It was a quiet and chilly Thursday morning, but the lobby of El Centro Hispano was filled with the sounds of a new workday – phones ringing and conversations taking place. A man and a woman waited to be assisted by the receptionist.
The woman, Concepcion Morales, 55, presented the Case Manager, Macarena Sanchez, working the front office with a dilemma – a relative of hers was not being paid the full wages he had been promised by his employer.
Sanchez immediately gave her the contact of a lawyer who handles situations such as her relatives’.
“For us, it’s good,” Morales said. “Any doubts we have, when we are upset or if we need any information, El Centro can help. When we ask, they say to us, ‘what can we do?’ This organization is a great support to the community.”
El Centro Hispano recently celebrated its 25th birthday. The celebration was held in Durham Central Park. There was cake, food and a DJ. The event was open to the community members and elected officials as well.
“It was kind of a ‘we made it’ celebration,” said Community Engagement and Advocacy Director Eliazar Posada. “The whole point was to make it more of a community atmosphere. Kids were playing around and people were dancing – even our elected officials joined in.”
Posada, 25, has been working at El Centro Hispano for the past two years. Along with managing many of the organization’s advocacy and support groups, he also handles all media relations.
“Given the current administration and the legislative body in the state, we must maintain a unified message,” Posada said.
“The way that we’re moving forward is moving into more advocacy,” Posada added. “We have a strong service base, but we are finding one of the best ways to serve the community is not only to, when they come in for classes, teach them, or when they come in for legal help, help them, but also empower individuals in their day-to-day to be advocates for themselves.”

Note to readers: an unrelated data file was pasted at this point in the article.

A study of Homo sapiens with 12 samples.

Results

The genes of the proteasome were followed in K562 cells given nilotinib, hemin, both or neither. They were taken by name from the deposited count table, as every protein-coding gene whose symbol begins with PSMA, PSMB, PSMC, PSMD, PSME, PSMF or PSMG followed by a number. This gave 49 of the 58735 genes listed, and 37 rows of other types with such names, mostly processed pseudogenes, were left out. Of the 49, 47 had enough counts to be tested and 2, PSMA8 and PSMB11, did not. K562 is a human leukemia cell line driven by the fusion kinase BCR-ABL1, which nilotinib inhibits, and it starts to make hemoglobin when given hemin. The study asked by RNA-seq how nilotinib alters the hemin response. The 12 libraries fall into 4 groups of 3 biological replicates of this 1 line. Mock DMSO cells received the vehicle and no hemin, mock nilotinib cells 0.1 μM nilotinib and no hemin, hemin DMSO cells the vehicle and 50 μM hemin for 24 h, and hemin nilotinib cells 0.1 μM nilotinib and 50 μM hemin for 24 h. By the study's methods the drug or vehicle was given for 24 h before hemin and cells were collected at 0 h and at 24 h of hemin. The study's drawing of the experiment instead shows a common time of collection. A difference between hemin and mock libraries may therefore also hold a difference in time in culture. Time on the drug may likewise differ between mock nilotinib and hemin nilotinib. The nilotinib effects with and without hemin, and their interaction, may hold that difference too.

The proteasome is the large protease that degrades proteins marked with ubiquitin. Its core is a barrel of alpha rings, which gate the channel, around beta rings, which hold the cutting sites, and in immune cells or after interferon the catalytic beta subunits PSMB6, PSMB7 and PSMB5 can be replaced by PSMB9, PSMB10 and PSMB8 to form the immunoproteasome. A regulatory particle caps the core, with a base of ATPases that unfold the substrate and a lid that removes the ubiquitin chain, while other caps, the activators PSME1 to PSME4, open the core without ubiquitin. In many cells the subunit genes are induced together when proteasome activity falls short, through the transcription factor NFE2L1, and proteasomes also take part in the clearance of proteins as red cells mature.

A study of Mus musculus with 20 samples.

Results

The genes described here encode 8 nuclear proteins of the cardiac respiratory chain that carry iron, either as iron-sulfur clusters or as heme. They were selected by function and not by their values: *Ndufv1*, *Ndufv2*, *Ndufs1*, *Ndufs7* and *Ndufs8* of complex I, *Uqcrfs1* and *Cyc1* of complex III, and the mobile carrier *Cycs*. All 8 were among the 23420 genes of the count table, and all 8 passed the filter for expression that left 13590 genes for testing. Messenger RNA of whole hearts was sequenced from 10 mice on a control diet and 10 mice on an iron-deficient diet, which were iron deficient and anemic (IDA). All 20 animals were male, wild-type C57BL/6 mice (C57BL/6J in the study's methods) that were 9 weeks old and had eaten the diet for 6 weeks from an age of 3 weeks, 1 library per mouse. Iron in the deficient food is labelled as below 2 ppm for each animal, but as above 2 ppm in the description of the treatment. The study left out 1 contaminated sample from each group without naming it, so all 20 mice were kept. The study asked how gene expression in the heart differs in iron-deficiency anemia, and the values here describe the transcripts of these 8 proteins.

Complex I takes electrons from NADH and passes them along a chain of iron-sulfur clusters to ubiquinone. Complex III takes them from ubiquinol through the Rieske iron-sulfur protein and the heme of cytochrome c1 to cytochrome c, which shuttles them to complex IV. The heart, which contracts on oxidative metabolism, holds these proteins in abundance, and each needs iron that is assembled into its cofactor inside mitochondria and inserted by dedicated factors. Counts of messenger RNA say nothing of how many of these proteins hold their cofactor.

What that advocacy looks like is growing El Centro Hispano’s programs. The organization recently underwent a restructuring, where Eliazar’s position was created, and a larger emphasis was put on advocacy.
“We are always looking for volunteers for our programs,” Posada said. “Not many people know this, but El Centro has the longest running LGBTQ+ support groups specifically for the Latinx population.”
On November 4, these support groups will be turning 16.
“It all started because a group of people couldn’t go home for Thanksgiving,” said Posada. “One of the board members at the time told the group they were welcome to come to El Centro and relax and eat. So it began with that first Thanksgiving where they could come to a safe environment and talk, relax and debrief.”
Now, what began as a Thanksgiving dinner for LGBTQ Latinx individuals who didn’t have family to go home to evolved into the four LGBTQ Latinx specific groups El Centro has today.
El Centro is the only non-profit in the south, from North Carolina to Texas, that has Latinx-specific support groups. And the future for these groups seems bright.
Back in the lobby, more people were coming in to be assisted. With a smile on her face, in between answering phones, Sanchez connected the individuals with the best information possible.
“My favorite part of the job is when I can help somebody, because I do help a lot of people,” Sanchez said. “When someone comes in with a problem and I can find a solution, that makes it all worthwhile.”